The Municipal Credit Union, the subject of an ongoing FBI investigation that has produced the conviction of two high-ranking officials, including its former CEO, has offered buyout packages to employees to clear the way to close five of its 16 branches, The Chief-Leader has learned.
Late last year, members of Office and Professional Employees International Union Local 153, which represents 450 tellers, loan officers and collectors, were advised they had until Dec. 19 to opt into a buyout plan tied to their years of service with the 104-year-old credit union.
Get 16-20 Weeks’ Pay
The notice from MCU’s Human Resources Department stated that in order to receive the buyout, at least 30 percent of the members eligible had to sign up. They would receive from 16 to 20 weeks of base salary, depending on years of service.
Neither the union nor the MCU returned calls to confirm whether the closings and workforce reductions were going to take place.
The memo indicated the branches slated for closing Jan. 20 are in Coney Island, East Meadow, Melville, Oceanside and Yonkers.
Credit unions, unlike commercial banks, are not-for-profit cooperatives that are owned by members linked by community or workplace affiliation. The MCU was founded in 1916 for city civil servants.
Easy Credit Terms
“Yeah, I love the credit union,” said one NYPD officer, who said it gave him a loan to buy his uniform and other must-have equipment secured against only his promise of employment by the city. “You don’t see the Wall Street banks doing something like that.”
Last June, former MCU CEO Kam Wong was sentenced to 5 ½ years in prison for defrauding the MCU of almost $10 million. Joseph Guagliardo, a former MCU Supervisory Committee member, pleaded guilty Jan. 10 to embezzling $450,000 from the credit union over nine years.
An ongoing Southern District of New York investigation also resulted in the October arrest of State Supreme Court Justice Sylvia G. Ash, a former MCU board chairman.
Ms. Ash, who pleaded not guilty and is on paid leave from her job as the Presiding Judge of Brooklyn Supreme Court's Commercial Division, is accused of obstructing the probe into Mr. Wong’s crimes and improperly pocketing tens of thousands of dollars from the MCU to cover personal expenses.
Members Feel Shut Out
Last May, state regulators took over the $3-billion credit union and turned it over to the National Credit Union Administration for conservatorship. The NCUA insures credit-union depositors' accounts up to $250,000 and is the equivalent of the FDIC for credit unions.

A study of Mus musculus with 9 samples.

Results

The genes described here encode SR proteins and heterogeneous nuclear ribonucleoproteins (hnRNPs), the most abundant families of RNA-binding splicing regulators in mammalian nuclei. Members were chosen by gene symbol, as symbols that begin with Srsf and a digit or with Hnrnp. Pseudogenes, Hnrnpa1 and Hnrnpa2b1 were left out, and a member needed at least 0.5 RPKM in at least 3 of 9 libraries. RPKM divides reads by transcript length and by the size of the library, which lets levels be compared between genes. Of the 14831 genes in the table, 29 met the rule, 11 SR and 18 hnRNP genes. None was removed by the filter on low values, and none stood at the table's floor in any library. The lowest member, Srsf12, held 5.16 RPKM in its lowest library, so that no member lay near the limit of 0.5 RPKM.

Now, with word of the possible branch closings, members are expressing concern that the conservatorship has denied them any role in running the nonprofit in which they are shareholders.
“This is very upsetting,” said Robert J. Croghan, chairman of the Organization of Staff Analysts, a longtime MCU member and activist.
“I got no notification [of the branch closures] and I am one of the shareholders,” he said in a phone interview. “They just don’t bother communicating with us. They just go on plugging on with whatever they are doing, and there is no talk about going back to having it run by the average shareholder, and I get the distinct impression they are not interested in it.”
Other MCU members interviewed after banking at its lower-Manhattan branch also questioned the lack of involvement of shareholders.
Not Open Late Enough
“I am concerned because I don’t believe the branches are open late enough now,” said a member of District Council 37’s Local 768, who is a health-care worker in the public schools.
She said a friend had expressed interest in trying to run for the MCU board but was stymied by lack of information about the process prior to the takeover.
“They didn’t make it clear that you as a member could participate or how many meetings you would have to attend if you wanted to be involved that way,” she said.
Another MCU member, a manager for the Department of Finance, said he opted to use the credit union “to support the community and not traditional banks like Bank of America, J.P. Morgan or Chase.”
The NCUA said in a statement, that it "has made no decisions about the long-term future of the credit union; however, continued service to members is a priority."
A spokeswoman for the state Department of Financial Services said DFS was "actively engaged with NCUA on activities related to MCU, including joint examinations of the credit union, to ensure the protection of MCU members."
At least one expert was critical of the state’s decision to place the MCU in the hands of the NCUA, without the engagement of credit-union members.
A Premature Takeover?
Chip Filson, who worked for 40 years as a credit-union consultant and top official with the NCUA, said that based on MCU financial statements there was no “immediate financial safety and soundness issue” to justify the takeover.
“NCUA’s track record as a conservator is extremely mixed” and its “conservatorship of the two largest [corporate credit unions] and then takeover of three more in a mass liquidation process destroyed solvent institutions that according to NCUA’s own numbers today have estate surpluses of over $5.6 billion, of which $3.1 has been transferred into the NCUSIF [National Credit Union Share Insurance Fund],” he stated.
“By setting itself up to run a credit union as a conservator,” Mr. Filson continued, “NCUA has a conflict of interest. Does it act in the members’ best interests or does it act in its own self-interest? As in all conservatorships, the members have no voice.”
We depend on the support of readers like you to help keep our publication strong and independent. Join us.